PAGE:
Most American Jews would agree that the place for the U.S. Embassy in Israel should be Jerusalem. But the cheers of some to rumors, hints and pandering about a relocation from Tel Aviv to Jerusalem will do nothing to hasten what we hope is an eventual move. The rumor was delivered by Vice President Mike Pence. He announced at a Nov. 28 event marking the 70th anniversary of the U.N. vote to partition the British Mandate of Palestine into Jewish and Arab states that President Trump is “actively considering” how to move the embassy. As he spoke, he was pandering to those Jews who would cheer at any nod in the direction of Jerusalem.
Pence’s move worked, as did further leaks and hints that even if he doesn’t move the embassy, Trump would supposedly recognize that Jerusalem is Israel’s capital in a statement this week.
On Wednesday, Trump offered that recognition, but as every president has done twice a year since 1995, he also signaled that he would sign a presidential waiver to not implement what Congress mandated in the form of law — that the U.S. Embassy should be relocated to Jerusalem. That means the embassy is still in Tel Aviv and will not move for at least several years.
Talk is cheap. As a candidate, Trump repeatedly promised to move the embassy. But a candidate for office can’t do much more than talk and promise. That changes when the candidate is elected and has the power to act and the bully pulpit from which to persuade. If all a president can do is, in the words of the vice president, “actively consider” something, those words are meaningless. Shame on those who would cheer such empty rhetoric.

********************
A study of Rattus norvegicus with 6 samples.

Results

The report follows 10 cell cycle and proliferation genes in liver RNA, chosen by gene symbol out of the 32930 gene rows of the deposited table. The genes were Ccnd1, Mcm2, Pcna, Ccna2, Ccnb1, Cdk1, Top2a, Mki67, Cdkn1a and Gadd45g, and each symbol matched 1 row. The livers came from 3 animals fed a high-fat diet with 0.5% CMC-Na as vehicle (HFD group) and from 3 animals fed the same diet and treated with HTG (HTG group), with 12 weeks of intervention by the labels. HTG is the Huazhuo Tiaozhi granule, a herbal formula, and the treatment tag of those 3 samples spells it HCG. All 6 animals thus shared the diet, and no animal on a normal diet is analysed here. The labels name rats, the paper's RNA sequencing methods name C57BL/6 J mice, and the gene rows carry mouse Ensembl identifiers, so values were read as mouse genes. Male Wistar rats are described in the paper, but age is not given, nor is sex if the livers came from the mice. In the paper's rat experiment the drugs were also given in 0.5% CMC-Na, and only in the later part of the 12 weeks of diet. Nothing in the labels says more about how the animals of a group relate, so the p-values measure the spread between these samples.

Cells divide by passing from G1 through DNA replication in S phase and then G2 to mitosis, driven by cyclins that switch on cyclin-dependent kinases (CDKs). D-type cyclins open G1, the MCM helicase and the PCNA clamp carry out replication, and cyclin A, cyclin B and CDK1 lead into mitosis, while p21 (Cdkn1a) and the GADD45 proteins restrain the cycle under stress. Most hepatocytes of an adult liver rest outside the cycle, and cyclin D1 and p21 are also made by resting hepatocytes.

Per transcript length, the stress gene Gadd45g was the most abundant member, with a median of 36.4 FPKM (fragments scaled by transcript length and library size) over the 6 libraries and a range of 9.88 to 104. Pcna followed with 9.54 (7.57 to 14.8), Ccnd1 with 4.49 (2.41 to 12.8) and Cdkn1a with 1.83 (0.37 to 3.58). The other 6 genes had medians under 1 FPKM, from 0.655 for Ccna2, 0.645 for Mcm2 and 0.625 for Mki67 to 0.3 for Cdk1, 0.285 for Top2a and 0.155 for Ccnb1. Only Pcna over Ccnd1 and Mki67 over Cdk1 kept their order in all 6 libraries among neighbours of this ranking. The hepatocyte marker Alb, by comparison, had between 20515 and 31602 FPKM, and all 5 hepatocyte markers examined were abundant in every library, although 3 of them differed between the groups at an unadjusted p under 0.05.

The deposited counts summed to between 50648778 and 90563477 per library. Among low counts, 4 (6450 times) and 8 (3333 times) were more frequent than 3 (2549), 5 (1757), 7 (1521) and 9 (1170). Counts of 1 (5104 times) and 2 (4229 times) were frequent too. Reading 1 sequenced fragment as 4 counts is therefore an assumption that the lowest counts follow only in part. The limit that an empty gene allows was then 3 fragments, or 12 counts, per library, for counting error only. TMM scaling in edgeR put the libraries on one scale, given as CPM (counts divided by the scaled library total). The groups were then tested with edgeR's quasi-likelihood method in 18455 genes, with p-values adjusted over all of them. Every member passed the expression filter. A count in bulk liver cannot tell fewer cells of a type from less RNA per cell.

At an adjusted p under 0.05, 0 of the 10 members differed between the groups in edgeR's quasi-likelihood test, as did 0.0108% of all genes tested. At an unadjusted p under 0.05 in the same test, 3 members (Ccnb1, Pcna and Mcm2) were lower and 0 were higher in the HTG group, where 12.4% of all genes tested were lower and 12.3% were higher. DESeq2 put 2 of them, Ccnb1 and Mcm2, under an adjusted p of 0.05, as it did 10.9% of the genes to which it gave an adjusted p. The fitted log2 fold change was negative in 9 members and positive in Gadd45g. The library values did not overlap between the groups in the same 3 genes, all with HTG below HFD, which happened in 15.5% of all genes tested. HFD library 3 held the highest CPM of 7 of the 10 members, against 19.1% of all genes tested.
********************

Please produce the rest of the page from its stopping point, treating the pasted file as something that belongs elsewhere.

Jerusalem is the central node in the weave of issues that need to be thrashed out in Arab-Israeli peace negotiations. The accepted wisdom is that if the United States moves its embassy before the issues are settled, it would undermine Arab confidence in America’s ability to be an honest broker and ignite Palestinian violence just as the Trump administration is rumored to be preparing a peace initiative. That may or may not be true, and were Trump to move the embassy — even if we may disagree on the timing — we would applaud. What we won’t do, however, is confuse talking about something for action on it.
We want our elected officials to understand our concerns and act on them. Neither Pence’s speech nor the president’s efforts to conduct foreign policy by rumor and pandering deserve the applause they received.
Those who whooped it up were cheering the sizzle, not the steak.